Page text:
Donald Trump 'can Be My Guest in Moscow', Says Vladimir Putin

Vladimir Putin has said he wants U.S. President Donald Trump to be his guest in Moscow, a suggestion which received the approval of the White House.

Speaking during a visit to South Africa, the Russian president explained “appropriate conditions” were needed in both countries for another meeting to take place, after encounter between Putin and Trump in Helsinki earlier this month was met with scathing criticism in the U.S.

“We need for the appropriate conditions to exist, to be created, including in our countries [for more U.S.-Russia summits],” Putin told reporters, as quoted by Reuters.

GettyImages-1000100354 US President Donald Trump (L) and Russian President Vladimir Putin arrive for a meeting in Helsinki, on July 16, 2018. Putin has invited the US President to Moscow. Brendan Smialowski/AFP/Getty Images

The Russian leader added he had already extended an invite to Trump to visit him in Moscow.

“Be my guest. He has such an invitation, I told him that,” he added.

The White House said Trump remained committed to improve the relationship with Moscow and was looking forward to travel to Russia.

“President Trump looks forward to having President Putin to Washington after the first of the year, and he is open to visiting Moscow upon receiving a formal invitation,” White House spokeswoman Sarah Sanders said in a statement.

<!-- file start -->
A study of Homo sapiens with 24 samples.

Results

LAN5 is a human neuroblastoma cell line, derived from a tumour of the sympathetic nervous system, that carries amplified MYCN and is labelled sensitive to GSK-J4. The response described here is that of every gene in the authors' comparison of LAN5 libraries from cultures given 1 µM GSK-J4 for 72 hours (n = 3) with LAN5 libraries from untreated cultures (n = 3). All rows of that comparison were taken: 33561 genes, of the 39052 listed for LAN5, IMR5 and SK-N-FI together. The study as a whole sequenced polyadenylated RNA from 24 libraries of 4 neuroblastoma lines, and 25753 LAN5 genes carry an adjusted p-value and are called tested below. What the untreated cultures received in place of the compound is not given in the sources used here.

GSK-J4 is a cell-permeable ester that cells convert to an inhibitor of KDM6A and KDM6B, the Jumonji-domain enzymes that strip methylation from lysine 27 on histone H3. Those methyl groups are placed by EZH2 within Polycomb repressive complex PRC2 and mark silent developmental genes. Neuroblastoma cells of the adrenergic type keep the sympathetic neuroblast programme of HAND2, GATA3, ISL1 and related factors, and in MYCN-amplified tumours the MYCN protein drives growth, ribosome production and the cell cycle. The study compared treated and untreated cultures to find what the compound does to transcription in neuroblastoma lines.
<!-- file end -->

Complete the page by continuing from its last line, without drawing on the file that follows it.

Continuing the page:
A follow-up meeting to the one in Helsinki was originally expected to be scheduled for later this year in Washington but both the Kremlin and the White House opted to postpone it in the wake of the public backlash.

On Wednesday, the White House said the meeting would not be held until next year, by when the federal investigation over Russia’s interference in the 2016 U.S. Presidential elections is expected to be concluded.

The U.S. president repeatedly defended Moscow over accusations of interference in the 2016 election during a press conference while also undermining special counsel Robert Mueller’s investigation.

“They said they think it’s Russia. I have President Putin; he just said it’s not Russia,” Trump said while standing next to the Russian president. “I will say this: I don’t see any reason why it would be. So I have great confidence in my intelligence people, but I will tell you that President Putin was extremely strong and powerful in his denial today.”

After facing enormous backlash not only from his usual critics but also some pro-Trump media outlets, the president backtracked on his speech and claimed he mistakenly said “the word ‘would’ instead of ‘wouldn’t.’”

According to the latest poll released by Quinnipiac University on July 24, just 38 percent of voters approved of Trump's job performance, according to the survey. Fifty-eight percent disapproved. Last month, the Quinnipiac University poll found 43 percent approved of Trump's job performance while 52 percent disapproved.